His job approval and favorable rating are still net positive — amazing resilience, really, for a Republican dogged by scandal in a blue state — but the gap is closing. Polls taken earlier this month in Jersey after Bridgegate broke showed minimal damage to him; this one, from the Eagleton Center at Rutgers, shows that it’s now more severe. And this one was mostly conducted before the mayor of Hoboken accused him of withholding Sandy aid unless she approved a development project in which Christie was interested.
It’s hard to be “the electable candidate” if you’re not much more electable than your rivals. Christie’s not sunk yet, but if independents start to bail, hoo boy.
Following more than a year of strong bipartisan support, Christie’s favorability rating is now 46 percent favorable to 43 percent unfavorable, down from 65 percent favorable just before his landslide re-election. This drop in support is led by a 26-point decline among Democrats…
Christie’s ratings drop is driven by a very large decline among Democrats while most Republicans – and many independents – continue to stand by the Governor. In November, 45 percent of Democrats were favorable, but with new challenges to Christie’s bipartisan leadership, only 19 percent of Democrats are now positive. Democratic approval of Christie’s job performance has dropped from 51 percent to 29 percent. While noticeably down from November, Republicans are still very positive: 78 percent feel favorable, and 83 percent approve of the job Christie is doing. Independent support has also dropped, but a majority continues to favor Christie…
[O]nly a quarter of Democrats think Christie was unaware of his aides’ actions; instead, over half say it is very unlikely Christie was out of the loop. Moreover, 62 percent of Democrats do not believe at all Christie’s explanation for what happened.
Whether or not they think Christie is telling the truth, New Jerseyans overwhelmingly blame Christie’s “tough-guy” persona for the conduct of his staff: more than 70 percent say the Governor’s attitude contributed at least somewhat to his staff’s reported behavior. Even six in ten Republicans believe Christie’s demeanor has at least somewhat encouraged these events.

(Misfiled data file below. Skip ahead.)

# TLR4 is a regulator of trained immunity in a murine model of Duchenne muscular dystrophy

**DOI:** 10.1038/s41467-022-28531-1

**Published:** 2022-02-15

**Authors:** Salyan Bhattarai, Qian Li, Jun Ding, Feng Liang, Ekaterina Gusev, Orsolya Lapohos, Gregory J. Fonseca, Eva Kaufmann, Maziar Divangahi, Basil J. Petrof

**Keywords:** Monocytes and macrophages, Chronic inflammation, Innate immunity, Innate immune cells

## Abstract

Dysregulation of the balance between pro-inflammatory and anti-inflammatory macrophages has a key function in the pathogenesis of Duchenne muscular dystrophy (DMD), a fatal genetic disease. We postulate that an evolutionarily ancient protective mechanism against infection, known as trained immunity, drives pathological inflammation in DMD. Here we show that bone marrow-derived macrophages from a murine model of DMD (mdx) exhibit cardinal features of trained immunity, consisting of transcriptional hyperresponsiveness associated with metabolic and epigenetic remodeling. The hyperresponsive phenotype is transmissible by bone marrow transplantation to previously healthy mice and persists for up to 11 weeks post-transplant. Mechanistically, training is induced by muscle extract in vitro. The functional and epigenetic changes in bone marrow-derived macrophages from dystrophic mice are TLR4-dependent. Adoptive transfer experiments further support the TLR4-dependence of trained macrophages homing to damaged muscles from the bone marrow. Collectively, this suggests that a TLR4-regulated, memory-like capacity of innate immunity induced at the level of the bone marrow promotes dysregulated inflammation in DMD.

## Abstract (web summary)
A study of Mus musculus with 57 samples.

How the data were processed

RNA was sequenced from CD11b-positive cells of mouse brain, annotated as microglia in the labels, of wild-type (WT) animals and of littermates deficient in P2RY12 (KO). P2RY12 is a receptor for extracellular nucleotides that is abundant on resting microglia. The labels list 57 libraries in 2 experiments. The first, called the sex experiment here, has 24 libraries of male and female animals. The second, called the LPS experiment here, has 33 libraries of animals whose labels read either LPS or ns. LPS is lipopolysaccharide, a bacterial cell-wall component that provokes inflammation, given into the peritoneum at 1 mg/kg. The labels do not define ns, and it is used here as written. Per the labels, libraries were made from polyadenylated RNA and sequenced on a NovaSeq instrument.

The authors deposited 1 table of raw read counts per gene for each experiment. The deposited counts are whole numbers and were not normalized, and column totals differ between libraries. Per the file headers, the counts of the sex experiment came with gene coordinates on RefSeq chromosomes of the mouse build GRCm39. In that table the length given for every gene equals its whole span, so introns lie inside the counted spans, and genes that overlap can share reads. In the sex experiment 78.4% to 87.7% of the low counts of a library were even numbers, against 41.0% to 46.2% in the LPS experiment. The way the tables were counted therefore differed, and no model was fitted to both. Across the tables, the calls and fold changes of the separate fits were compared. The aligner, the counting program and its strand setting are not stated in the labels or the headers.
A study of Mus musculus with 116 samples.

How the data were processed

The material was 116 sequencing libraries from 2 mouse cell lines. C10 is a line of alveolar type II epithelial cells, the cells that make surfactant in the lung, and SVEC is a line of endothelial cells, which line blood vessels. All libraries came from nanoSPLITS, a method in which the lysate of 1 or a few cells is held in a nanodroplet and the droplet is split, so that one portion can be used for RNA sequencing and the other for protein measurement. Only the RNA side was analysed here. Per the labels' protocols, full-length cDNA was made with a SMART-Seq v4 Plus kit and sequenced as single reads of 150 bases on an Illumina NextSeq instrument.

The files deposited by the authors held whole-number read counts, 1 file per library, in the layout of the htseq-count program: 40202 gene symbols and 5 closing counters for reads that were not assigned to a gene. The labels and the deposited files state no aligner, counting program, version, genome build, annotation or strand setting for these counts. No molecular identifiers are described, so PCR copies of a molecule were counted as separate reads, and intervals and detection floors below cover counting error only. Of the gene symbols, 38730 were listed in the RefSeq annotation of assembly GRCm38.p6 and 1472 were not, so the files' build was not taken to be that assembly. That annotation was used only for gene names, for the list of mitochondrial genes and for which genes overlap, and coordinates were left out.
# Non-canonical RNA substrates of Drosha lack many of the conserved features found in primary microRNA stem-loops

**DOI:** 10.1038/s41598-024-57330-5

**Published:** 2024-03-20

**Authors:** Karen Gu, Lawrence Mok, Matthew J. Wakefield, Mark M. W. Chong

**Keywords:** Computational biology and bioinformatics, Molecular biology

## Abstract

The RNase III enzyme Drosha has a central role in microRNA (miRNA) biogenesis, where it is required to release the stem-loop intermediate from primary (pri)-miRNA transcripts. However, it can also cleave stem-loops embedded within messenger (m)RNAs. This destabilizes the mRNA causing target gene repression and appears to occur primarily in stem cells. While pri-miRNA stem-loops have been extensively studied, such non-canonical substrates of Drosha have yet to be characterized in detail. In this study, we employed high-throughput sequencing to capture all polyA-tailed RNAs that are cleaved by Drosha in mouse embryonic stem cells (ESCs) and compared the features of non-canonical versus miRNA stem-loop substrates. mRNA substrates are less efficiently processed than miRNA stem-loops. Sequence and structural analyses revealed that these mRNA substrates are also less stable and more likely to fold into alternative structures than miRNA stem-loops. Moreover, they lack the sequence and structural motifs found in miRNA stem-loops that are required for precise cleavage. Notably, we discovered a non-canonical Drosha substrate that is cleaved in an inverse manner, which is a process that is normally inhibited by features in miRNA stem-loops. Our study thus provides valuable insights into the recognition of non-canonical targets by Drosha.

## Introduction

Nine days ago, Monmouth had his job approval at 59 percent and his favorable rating at 44/28. Today Eagleton has them at 51 percent and 46/43, respectively. Among Democrats, it’s a bloodbath — they disapprove of his job performance overwhelmingly, 29/64, and view him unfavorably even more overwhelmingly at 19/69. You can, if you like, ignore that decline as inevitable: Just as Hillary’s sky-high bipartisan favorable rating has begun to sink now that it’s clear she’s the prime threat to the GOP in 2016, Christie’s support among Democrats would surely have sunk over time once he ran for president. All Bridgegate’s doing, arguably, is accelerating the process. Problem is, the acceleration hurts his big presidential pitch that he can get Democrats and indies to cross the aisle unlike anyone else in the GOP field. It’s fine for Democrats to turn on him but he’d much prefer that to happen later, after he’s got the nomination in hand. As it is, he now trails Hillary in New Jersey by 21 points — which, per Harry Enten, is actually a bigger deficit than Mitt Romney ended up with there against Obama in 2012. If that doesn’t change substantially before the GOP primaries, how does a guy who’s underperforming the previous nominee in his own state against a non-incumbent make the case that he’s Mr. Electable?
There’s always a chance Christie will rebound, but here’s an eye-popper from Eagleton suggesting why he won’t:
It’s a legit achievement for any blue-state Republican governor to stay at or around 50 percent approval for years on end but the legend of Christie’s allegedly unique bipartisan appeal is, obviously, mostly a product of Sandy. His numbers took off after the storm and now Bridgegate’s returned them to their pre-storm normal. How likely is it that he’ll give New Jersey Democrats a reason to start nudging them back up towards 60, especially once they’re eyeing him as an obstacle to holding the White House in 2016?
The keepers of the flame now are independents and moderates. The former currently split 60/33 on Christie’s job approval and 55/33 on his favorability; the latter split 53/40 and 45/41, respectively. As long as those numbers stay healthy, he can still make the “I can play on Democrats’ turf” argument. As for Latino and black voters, whom Christie took care to woo before the election to further polish his crossover cred, I’d love to give you the data but I can’t. Eagleton, oddly, didn’t provide it for those groups. For what it’s worth, the anecdotal evidence looks favorable to Christie. Stay tuned.